GENEVA (Reuters)—Ukraine, among Europe's largest countries and potentially one of its richest, has sunk into a deep economic crisis that has created a vast army of unemployed, the International Labor Organization (ILO) said Tuesday.
The crisis, sparked by failure to tackle key problems of governance since Ukraine became independent on the breakup of the old Soviet Union in 1991, has also led to population decline and a huge drop in living standards, according to an ILO report.
“The majority of the population is living in severe poverty,” said ILO economist Guy Standing, joint author of the report, “Worker Insecurity in Ukrainian Industry,” which was based on detailed surveys in the country last year.
“If Ukraine were not in Europe, it would be rightly called a developing country,” he told a news conference.
Monthly income per head had dropped in real terms from $37 in 1998 to $25 in 1999, and since 1991 the overall population had shrunk from 52 million to under 50 million as life expectancy for both men and women had declined sharply and suicide soared.
Standing, a leading specialist on the labor situation in former Soviet states, said that although official figures showed an unemployment rate of only 5 percent of the 23 million workforce the real figure was very much higher.
According to the report, industrial firms were operating at less than 44 percent capacity, down from 66 percent in 1995 in an unprecedented decline putting the level lower than in any industrialized economy.
It said more than 18 percent of all industrial workers in the country—which is looking to eventual membership of the European Union—were on unpaid leave, a device which saves management from paying severance benefits.
More than 20 percent who went regularly to their workplaces were on short-time, but most of them received no pay. Four out of five factories covered in the report had not been paying contractual wages, sometimes for 20 weeks on end.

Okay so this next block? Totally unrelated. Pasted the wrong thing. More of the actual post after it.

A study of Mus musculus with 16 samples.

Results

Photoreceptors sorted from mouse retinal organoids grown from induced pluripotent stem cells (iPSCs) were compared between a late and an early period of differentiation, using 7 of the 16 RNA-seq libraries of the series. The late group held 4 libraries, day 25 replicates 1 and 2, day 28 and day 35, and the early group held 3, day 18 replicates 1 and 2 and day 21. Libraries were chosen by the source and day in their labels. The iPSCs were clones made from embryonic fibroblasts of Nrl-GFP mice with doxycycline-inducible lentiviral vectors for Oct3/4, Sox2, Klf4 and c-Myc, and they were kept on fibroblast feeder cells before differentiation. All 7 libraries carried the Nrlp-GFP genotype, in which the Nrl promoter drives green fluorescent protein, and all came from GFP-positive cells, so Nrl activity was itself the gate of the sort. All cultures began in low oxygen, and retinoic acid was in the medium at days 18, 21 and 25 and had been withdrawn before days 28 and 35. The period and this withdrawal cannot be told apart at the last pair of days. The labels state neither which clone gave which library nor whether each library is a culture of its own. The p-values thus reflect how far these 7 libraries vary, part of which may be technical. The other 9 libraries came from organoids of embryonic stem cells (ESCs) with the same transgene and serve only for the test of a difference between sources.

Women, traditionally strong in the old Soviet labor force, still formally held nearly 50 percent of industrial jobs.
But the study found that 12 percent were on long-term maternity leave, even though the country's fertility rate had also plunged with the crisis—supporting, it said, the view that such leave was a way of laying off women workers.
“Taking account of all forms of visible surplus labor, about one third of all workers are laid-off at any time,” it said, “making a mockery of the official rate of registered unemployment.”
Unless a major effort were made to restructure employment and acknowledge the size of the jobless problem, overall economic reform would go nowhere and a huge labor market crisis would be inevitable sooner or later, said Standing.
But he said that with a new approach by the government and international financial institutions Ukraine, the third largest recipient of aid from the United States, could emerge from the current situation “within a few years.”
“It would be quite wrong to say Ukraine is without hope,” he told the news conference. “It has vast natural resources, an educated work force and a potentially dynamic economy with a strategically important position in Europe.”